Cindy Chao: The Chao Factor

From all sides, Taiwanese jeweler Cindy Chao’s intricate pieces are works of art.


With a sculptor for a dad, Cindy Chao might have been expected to pursue a creative career. Yet she has her business-minded mother—a die-hard, no-kid-of-mine-is-going-into-the-arts type—to thank for her current gig. Chao had set her sights on interior design, when her mother, Qui Yu Lau, hoping to throw her off track, suggested jewelry design instead. Knowing that her daughter never wore bijoux, Lau imagined the job to be no more than a passing fancy. “She wanted me to become a businesswoman like her,” says the Taipei designer, 35, whose parents divorced when she was young. Happily for jewelry fanatics, things didn’t go as planned.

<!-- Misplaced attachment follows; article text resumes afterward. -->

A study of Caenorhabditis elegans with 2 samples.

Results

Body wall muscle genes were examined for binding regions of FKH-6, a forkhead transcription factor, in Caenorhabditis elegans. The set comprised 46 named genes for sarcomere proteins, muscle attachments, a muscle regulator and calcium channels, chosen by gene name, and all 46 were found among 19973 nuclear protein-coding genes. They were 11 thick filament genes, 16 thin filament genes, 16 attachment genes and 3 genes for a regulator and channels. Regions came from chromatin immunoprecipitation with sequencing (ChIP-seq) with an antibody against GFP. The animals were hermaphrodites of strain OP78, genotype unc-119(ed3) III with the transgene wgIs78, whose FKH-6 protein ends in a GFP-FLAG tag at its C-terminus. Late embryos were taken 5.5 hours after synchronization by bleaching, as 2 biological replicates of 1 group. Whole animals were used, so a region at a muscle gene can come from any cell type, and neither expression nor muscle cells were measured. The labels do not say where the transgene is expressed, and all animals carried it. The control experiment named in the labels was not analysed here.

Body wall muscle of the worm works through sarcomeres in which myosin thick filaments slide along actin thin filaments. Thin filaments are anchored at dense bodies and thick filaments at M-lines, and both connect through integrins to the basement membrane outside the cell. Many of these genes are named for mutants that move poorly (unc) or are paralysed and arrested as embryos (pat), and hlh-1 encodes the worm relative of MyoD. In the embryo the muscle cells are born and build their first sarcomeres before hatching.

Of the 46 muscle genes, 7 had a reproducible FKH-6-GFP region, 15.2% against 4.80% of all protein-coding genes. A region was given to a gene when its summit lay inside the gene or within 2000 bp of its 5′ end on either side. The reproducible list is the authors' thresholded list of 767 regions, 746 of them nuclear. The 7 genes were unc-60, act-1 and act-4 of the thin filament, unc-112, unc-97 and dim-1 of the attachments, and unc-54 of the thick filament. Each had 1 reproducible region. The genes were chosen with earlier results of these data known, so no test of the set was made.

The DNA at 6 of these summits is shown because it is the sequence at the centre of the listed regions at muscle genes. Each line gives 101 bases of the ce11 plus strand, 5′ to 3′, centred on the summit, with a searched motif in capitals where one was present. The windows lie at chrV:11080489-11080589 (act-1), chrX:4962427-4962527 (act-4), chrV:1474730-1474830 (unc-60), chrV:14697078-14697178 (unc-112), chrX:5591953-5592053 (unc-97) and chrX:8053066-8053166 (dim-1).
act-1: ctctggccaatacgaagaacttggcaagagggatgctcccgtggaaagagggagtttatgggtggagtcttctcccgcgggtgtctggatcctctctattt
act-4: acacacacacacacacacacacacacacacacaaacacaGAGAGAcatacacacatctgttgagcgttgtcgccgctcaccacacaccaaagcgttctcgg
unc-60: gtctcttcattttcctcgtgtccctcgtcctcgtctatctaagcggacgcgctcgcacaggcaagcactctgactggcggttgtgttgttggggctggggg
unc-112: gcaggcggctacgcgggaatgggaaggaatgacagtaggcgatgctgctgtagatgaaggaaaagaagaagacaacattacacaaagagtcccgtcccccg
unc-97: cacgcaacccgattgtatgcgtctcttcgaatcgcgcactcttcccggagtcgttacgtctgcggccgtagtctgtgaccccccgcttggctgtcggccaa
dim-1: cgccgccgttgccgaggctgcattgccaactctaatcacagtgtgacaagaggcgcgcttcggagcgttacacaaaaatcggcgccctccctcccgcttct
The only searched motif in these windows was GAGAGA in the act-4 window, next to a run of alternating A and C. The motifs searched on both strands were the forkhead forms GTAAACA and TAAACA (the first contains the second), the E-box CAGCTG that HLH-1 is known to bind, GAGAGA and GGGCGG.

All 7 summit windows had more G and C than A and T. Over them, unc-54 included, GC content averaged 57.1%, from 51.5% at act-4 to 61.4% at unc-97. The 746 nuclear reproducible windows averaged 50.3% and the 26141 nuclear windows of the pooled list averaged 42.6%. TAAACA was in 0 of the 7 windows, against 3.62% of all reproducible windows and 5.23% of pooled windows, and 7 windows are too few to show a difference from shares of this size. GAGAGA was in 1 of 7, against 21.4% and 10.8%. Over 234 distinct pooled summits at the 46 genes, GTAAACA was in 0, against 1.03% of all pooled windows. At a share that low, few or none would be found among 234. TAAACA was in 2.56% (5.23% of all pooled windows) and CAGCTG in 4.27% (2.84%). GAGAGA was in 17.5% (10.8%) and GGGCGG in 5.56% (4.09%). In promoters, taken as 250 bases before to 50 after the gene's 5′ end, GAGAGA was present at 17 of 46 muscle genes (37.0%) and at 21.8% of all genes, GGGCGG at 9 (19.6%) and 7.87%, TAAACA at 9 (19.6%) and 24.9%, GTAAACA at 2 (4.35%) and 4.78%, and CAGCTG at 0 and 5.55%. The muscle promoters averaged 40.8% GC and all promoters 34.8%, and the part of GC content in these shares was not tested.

18k yellow gold, tsavorite, ruby, sapphire and diamond brooch, $236,363.

In 2004, after studying at the Gemological Institute of America in New York, Chao returned to her native Taiwan and launched her own line, which sells at Lane Crawford. It wasn’t until 2007, after a financial rough patch, that Chao hit her stride and began churning out the breathtaking finery that has become her signature. “I had been doing conservative, traditional jewelry,” she says. “I knew that if I kept doing that, I wouldn’t survive much longer in the market.” Today her collections are alluringly artistic, like small sculptures crafted from gorgeous gemstones. “Every angle,” Chao notes, “is totally complete.” So while the front of a butterfly brooch is covered in jewels—including four generous rough diamonds stacked atop a pavé layer—the back is entirely embellished too. In addition to numerous nature themes, Chao, who also creates smaller custom versions of some of her designs for private clients, finds inspiration in architecture (the work of Japanese architect Paul Tange informs a pair of spiraling earrings), as well as in her own heritage. Case in point: her dangling black and white diamond pendant earrings, which feature intricate Chinese landscape scenes—on the back, no less.